Provocations by Chinese National People’s Congress and Special Central Bank Meetings in Japan and India

May 22, 2020

China’s government has decided to crack down on Hong Kong dissonance with a series of new security laws. Protesters will have fewer liberties and will be punished more severely. Hong Kong’s stock market plunged 5.6% in response.

At China’s National People’s Congress, the tradition of setting an annual growth target was abandoned in a sign of great uncertainty surrounding the reopening of that economy.

Share prices in other countries around the Pacific Rim fell 2.0% in Singapore, 1.9% in China, 1.8% in Taiwan, 1.4% in South Korea and 0.8% in Japan. Markets in Europe are down 0.8% in Great Britain, 1.4% in Switzerland, 0.3% in Germany and 0.2% in France. U.S. futures point to a drop as well.

The ten-year U.S. Treasury yield is three basis points lower and 10-year sovereign debt yields dipped a basis point each.

A fresh wave of geopolitical risk aversion was also reflected in a 5.4% slide in the price of WTI crude oil and a 0.8% rise in the price of gold overnight. And the dollar was better bid overnight, rising by 0.7% against the peso, 0.6% versus the Australian dollar, 0.5% relative to the loonie, 0.4% vis-a-vis sterling and the euro, 0.3% versus the kiwi, and 0.2% against the yuan. The yen advanced 0.1% against the dollar.

The Bank of Japan held an emergency unscheduled policy Board meeting that lasted just under an hour and did not change the the short-term policy interest rate of -0.1% or the 10-year JGB yield target of around zero percent. However, officials did unveil a new lending facility for small to mid-sized firms and moved out the deadline for actions against the Covid-19 virus from September of this year to March of 2021. Also, a joint statement was released by BOJ Governor Kuroda and Finance Minister Aso to underscore that monetary policy and fiscal policy are being closely coordinated.

The Reserve Bank of India Monetary Policy Committee also held an emergency policy review ahead of the regularly scheduled one previously set for early June. The Committee announced a 40-basis point reduction of its repo rate to 4.0%, which follows a previous 75 basis point cut in late March. Officials released a statement enumerating a variety of other regulatory steps and laying out its logic behind the new actions:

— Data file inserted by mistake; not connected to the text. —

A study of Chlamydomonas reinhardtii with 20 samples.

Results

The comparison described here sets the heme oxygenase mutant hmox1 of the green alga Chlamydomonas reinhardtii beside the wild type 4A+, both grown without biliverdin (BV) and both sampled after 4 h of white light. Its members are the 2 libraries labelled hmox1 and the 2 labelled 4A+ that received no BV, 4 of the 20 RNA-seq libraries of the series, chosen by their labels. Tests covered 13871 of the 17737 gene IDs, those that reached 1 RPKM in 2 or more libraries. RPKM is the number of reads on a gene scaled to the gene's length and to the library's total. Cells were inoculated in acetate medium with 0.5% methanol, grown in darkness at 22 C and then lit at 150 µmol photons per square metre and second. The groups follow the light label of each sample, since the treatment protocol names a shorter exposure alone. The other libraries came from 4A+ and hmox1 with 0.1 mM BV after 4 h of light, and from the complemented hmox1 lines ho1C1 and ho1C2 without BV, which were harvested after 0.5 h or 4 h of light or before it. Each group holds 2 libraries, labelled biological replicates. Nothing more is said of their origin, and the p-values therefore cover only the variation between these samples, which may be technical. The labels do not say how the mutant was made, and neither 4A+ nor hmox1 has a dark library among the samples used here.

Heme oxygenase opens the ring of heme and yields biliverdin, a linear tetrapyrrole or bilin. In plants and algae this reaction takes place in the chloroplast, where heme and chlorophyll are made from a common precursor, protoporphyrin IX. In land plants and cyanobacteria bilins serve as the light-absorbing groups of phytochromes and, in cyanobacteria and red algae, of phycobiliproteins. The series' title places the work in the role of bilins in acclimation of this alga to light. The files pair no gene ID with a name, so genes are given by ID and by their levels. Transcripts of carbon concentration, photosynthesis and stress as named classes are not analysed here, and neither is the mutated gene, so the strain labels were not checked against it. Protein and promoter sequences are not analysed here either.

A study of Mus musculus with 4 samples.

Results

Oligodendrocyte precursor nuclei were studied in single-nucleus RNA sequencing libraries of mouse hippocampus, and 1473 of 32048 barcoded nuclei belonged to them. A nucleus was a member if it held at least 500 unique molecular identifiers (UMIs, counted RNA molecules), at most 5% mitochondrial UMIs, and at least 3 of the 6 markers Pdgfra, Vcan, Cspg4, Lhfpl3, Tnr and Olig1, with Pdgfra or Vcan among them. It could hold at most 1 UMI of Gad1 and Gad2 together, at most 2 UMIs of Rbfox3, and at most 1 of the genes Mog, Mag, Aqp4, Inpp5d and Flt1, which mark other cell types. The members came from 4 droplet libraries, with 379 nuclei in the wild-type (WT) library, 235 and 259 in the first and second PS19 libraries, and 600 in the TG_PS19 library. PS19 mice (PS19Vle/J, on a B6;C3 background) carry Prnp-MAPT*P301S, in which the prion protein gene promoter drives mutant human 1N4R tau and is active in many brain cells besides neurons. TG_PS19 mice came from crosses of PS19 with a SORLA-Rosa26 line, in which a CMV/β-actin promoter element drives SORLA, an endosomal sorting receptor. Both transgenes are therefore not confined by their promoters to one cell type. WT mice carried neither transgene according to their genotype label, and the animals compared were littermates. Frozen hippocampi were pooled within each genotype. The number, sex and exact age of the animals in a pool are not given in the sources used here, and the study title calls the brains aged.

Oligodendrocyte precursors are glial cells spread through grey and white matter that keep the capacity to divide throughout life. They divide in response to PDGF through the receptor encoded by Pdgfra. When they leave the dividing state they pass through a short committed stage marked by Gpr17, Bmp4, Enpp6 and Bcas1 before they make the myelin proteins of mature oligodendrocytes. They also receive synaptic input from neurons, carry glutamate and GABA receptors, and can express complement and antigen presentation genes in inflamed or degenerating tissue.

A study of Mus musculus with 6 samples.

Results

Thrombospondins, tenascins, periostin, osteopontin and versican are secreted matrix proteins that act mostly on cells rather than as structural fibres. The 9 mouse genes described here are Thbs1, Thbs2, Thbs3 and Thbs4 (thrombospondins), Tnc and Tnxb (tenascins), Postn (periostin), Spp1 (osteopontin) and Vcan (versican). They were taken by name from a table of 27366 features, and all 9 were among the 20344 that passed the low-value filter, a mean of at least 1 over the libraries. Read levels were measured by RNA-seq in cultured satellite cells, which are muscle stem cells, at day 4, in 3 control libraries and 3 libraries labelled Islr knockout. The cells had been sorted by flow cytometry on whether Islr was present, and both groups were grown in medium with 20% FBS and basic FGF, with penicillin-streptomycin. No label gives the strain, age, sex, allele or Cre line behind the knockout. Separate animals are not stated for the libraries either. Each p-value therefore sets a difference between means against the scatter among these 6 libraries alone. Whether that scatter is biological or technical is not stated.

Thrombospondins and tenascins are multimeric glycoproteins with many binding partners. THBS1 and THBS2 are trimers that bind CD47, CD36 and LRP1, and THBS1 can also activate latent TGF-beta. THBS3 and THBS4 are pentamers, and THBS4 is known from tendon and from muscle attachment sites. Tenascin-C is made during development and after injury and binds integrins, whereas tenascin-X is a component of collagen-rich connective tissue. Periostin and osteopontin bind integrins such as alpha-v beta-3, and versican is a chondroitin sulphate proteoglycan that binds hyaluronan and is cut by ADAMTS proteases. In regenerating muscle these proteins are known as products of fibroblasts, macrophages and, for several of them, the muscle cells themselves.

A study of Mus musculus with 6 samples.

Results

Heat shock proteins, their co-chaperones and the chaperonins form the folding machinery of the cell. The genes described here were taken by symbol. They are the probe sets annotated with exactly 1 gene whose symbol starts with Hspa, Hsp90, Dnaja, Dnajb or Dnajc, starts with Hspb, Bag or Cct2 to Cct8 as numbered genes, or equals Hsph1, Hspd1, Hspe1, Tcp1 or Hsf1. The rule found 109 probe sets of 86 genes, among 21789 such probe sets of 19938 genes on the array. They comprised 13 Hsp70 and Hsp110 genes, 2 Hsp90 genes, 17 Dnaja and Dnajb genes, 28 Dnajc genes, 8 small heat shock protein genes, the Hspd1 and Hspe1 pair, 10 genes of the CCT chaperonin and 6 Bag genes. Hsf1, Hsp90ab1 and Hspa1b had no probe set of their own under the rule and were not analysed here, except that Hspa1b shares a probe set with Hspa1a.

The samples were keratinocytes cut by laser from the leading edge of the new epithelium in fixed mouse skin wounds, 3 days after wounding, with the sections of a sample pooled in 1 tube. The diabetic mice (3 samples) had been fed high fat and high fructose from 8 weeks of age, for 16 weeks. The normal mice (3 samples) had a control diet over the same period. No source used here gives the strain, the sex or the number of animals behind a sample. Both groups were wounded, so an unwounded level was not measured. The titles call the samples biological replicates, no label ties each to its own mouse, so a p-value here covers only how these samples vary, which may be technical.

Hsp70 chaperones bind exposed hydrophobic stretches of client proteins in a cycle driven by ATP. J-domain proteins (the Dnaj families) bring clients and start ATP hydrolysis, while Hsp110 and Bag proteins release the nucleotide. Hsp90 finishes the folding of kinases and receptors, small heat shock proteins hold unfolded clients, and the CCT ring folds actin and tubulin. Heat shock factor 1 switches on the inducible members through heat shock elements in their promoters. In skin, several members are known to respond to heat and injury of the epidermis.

The MPC is of the view that that the macroeconomic impact of the pandemic is turning out to be more severe than initially anticipated. Beyond the destruction of economic and financial activity, livelihood and health are severely affected. Judging that the risks to growth are acute, while the risks to inflation are likely to be short-lived, the MPC believes that it is essential now to instill confidence and ease financial conditions further. This will facilitate the flow of funds at affordable rates and rekindle investment impulses.

Japanese CPI inflation fell 0.3 percentage points to 0.1% in April, and core inflation swung below zero to -0.2%, which is a full percentage point below January’s level.

British retail sales volume plunged 18.1% in April and posted a 12-month decline of 22.6%. Both drops were the largest ever. The impact of Britain’s lockdown was also reflected in public sector net borrowing that month of GBP 61.357 billion, which was almost twice expectations and lifted outstanding public debt sharply to 97.7% of GDP. Lastly, the GFK measure of consumer confidence in the U.K. slid another index point to -34 in May from -7 just three months earlier.

Industrial orders in Spain were 16.4% fewer in March than a year earlier, their largest on-year decline in 126 months.

Polish retail sales tumbled 13.1% on month and by a larger-than-forecast 22.6% on year in May.

Irish producer prices were 6.1% lower in April than a year earlier, which compares with year-on-year declines of 4.2% in March and 0.8% in February.

Mexican retail sales fell 0.8% in March and swung from an on-year 2.5% rise in February to a 12-month 1.3% decline.

New Zealand retail sales volume dropped 0.7% last quarter, reducing its on-year increase by a full percentage point to an 8-year low of 2.3%.

The world is in the grasp of a dangerous disease pandemic, and the two largest economies — China and the United States — are spiraling into an evermore fractious relationship.

Copyright 2020, Larry Greenberg. All rights are reserved. No secondary distribution without express permission.